As the world starts to vaccinate as many people as it can to help curb the continued spread of covid businesses around the world and across all sectors are starting to plan for when countries begin to ease lockdown measures.
Inevitably one of the conversations, which comes to the forefront as the above happens, is regarding what businesses do when it comes to their traditionally office-based employees.
Throughout lockdown and across the world plenty of discussions have taken place on the merits of working from home, the benefits of being in an office environment and the type of policy companies should employ going forwards. There are compelling arguments to be made for both camps, but as we mentioned a few weeks ago it’s all about actions rather words.
Back in May last year Twitter was the first of the big ad companies to tell the world its staff could work from home even when lockdown restrictions have been relaxed and the pandemic is under control, while this week Spotify has dominated the news having taken the plunge and decided to do something similar.
It’s not hugely surprising as the world – and particularly those of us lucky enough to work in the advertising and media sector – has developed and adopted systems and work spaces conducive to being productive. There are other industries where working from home – even though not necessarily essential – has forced its office staff to come into their usual workplaces, more through rigid tradition than anything else.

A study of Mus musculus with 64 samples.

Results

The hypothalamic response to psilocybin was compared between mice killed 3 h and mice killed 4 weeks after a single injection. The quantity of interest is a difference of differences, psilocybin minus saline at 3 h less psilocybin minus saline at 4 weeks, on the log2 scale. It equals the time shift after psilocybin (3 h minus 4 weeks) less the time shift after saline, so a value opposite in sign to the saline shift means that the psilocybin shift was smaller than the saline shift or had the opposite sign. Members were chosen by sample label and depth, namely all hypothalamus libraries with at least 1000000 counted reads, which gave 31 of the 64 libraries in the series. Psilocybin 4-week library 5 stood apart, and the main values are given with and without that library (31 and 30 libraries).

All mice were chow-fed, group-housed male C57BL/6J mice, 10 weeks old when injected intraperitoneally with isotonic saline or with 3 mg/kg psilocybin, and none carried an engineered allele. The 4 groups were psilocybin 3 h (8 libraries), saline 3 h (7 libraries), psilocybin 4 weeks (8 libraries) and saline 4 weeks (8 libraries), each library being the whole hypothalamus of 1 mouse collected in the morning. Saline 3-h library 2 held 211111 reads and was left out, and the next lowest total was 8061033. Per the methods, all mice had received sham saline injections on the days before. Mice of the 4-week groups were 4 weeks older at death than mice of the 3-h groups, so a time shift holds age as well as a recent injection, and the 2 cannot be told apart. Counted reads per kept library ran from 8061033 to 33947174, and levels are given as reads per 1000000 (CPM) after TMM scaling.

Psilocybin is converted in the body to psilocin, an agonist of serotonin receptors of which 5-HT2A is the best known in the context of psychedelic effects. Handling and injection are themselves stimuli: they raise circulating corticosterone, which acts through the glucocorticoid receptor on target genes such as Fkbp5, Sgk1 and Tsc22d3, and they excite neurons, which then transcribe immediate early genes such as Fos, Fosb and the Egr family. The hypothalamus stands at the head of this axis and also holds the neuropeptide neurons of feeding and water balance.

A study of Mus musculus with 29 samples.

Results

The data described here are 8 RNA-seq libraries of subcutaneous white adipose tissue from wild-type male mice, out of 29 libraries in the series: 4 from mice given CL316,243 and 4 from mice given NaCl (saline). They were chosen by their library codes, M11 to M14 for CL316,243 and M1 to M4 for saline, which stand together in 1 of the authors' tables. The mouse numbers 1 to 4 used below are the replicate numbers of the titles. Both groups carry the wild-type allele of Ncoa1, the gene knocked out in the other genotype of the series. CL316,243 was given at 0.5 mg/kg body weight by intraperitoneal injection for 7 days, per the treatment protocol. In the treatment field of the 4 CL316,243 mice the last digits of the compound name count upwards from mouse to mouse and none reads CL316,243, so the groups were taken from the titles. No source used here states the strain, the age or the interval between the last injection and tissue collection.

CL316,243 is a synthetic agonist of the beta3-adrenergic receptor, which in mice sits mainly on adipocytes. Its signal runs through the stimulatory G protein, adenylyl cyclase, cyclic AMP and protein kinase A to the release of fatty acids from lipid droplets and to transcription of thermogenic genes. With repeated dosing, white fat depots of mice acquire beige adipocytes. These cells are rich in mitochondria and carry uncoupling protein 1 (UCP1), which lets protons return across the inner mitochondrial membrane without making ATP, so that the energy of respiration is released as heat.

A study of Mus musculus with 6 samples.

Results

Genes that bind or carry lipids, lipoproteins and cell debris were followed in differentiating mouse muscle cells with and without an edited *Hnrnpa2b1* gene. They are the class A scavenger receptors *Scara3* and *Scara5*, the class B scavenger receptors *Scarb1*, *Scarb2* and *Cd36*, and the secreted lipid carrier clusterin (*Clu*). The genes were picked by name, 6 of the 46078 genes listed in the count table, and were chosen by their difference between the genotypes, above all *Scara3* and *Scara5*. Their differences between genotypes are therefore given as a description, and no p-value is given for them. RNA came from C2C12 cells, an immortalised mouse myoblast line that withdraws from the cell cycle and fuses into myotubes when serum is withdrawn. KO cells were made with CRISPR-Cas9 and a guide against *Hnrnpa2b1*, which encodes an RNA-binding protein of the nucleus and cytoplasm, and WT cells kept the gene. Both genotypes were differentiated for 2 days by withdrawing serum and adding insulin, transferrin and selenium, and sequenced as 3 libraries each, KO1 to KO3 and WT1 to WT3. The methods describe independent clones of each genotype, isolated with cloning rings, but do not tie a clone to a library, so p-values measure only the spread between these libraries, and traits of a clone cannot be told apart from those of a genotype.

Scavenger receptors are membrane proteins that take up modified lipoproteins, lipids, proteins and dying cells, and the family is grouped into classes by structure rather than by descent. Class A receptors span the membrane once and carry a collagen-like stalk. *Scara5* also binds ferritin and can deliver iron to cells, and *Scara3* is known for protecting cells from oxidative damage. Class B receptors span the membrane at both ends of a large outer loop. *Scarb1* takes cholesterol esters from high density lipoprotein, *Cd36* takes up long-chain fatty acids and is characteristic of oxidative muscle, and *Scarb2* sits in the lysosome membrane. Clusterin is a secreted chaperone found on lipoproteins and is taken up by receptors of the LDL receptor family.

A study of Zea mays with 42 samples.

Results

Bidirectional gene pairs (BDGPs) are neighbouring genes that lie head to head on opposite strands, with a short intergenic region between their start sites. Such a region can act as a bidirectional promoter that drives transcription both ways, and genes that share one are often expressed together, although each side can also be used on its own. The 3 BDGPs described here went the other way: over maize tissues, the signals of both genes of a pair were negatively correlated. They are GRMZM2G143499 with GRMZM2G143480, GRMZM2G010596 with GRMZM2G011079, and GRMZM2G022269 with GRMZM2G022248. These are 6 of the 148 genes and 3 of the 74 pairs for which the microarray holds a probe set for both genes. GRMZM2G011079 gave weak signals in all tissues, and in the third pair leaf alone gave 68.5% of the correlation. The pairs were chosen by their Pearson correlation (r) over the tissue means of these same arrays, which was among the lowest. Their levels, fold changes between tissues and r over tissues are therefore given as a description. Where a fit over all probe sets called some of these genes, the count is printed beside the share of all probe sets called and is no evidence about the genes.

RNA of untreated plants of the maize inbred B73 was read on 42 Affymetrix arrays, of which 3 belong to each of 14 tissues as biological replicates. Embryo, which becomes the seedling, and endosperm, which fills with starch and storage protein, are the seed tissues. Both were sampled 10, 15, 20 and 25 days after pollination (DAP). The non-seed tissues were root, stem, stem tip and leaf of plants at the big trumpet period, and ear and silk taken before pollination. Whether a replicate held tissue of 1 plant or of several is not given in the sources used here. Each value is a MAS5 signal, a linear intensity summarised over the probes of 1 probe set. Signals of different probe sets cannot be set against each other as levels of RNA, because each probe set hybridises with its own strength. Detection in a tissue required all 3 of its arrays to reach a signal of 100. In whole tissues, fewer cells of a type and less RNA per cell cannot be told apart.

As someone who thrives on being inspired by people and even the commute – whether driving, cycling or taking the tube – I found it particularly hard to adapt to working from home and as all parents will tell you trying to work and home school is a challenge both logistically and mentally. However, even I have got used to being able to act like my children and head to the snack cupboard at any given moment, but that said I am still missing interaction in real life with people, other than my wife, over the age of eight…
On a serious note, it will be interesting to see how the industry reacts when it comes to working practices once lockdowns are lifted and a sense of new normality can resume. To be honest I was initially shocked at the number of industry firms who didn’t employ a flexible working strategy before the pandemic and know quite a few people who were actually relieved to be furloughed or made redundant over the last 12 months as their companies were so inflexible.
There is nothing quite like the in-person experience, which cannot be replicated in a virtual world on a permanent basis, but equally we all lead busy lives and having flexibility, being happy and feeling good contributes to greater productivity. Similarly, to events I believe there will be a balance between the office and remote working, particularly in an industry which is still built on relationships. In an ideal scenario ad world would become more agile and look for staff to come together for a number of days a week and then work remotely for the rest.
The world was beginning to change before the pandemic hit and it has only accelerated this transformation, which in the long term I believe will be better for society.
Whatever happens it will be an interesting watch, particularly if other media behemoths follow Twitter and Spotify and make such grand gestures.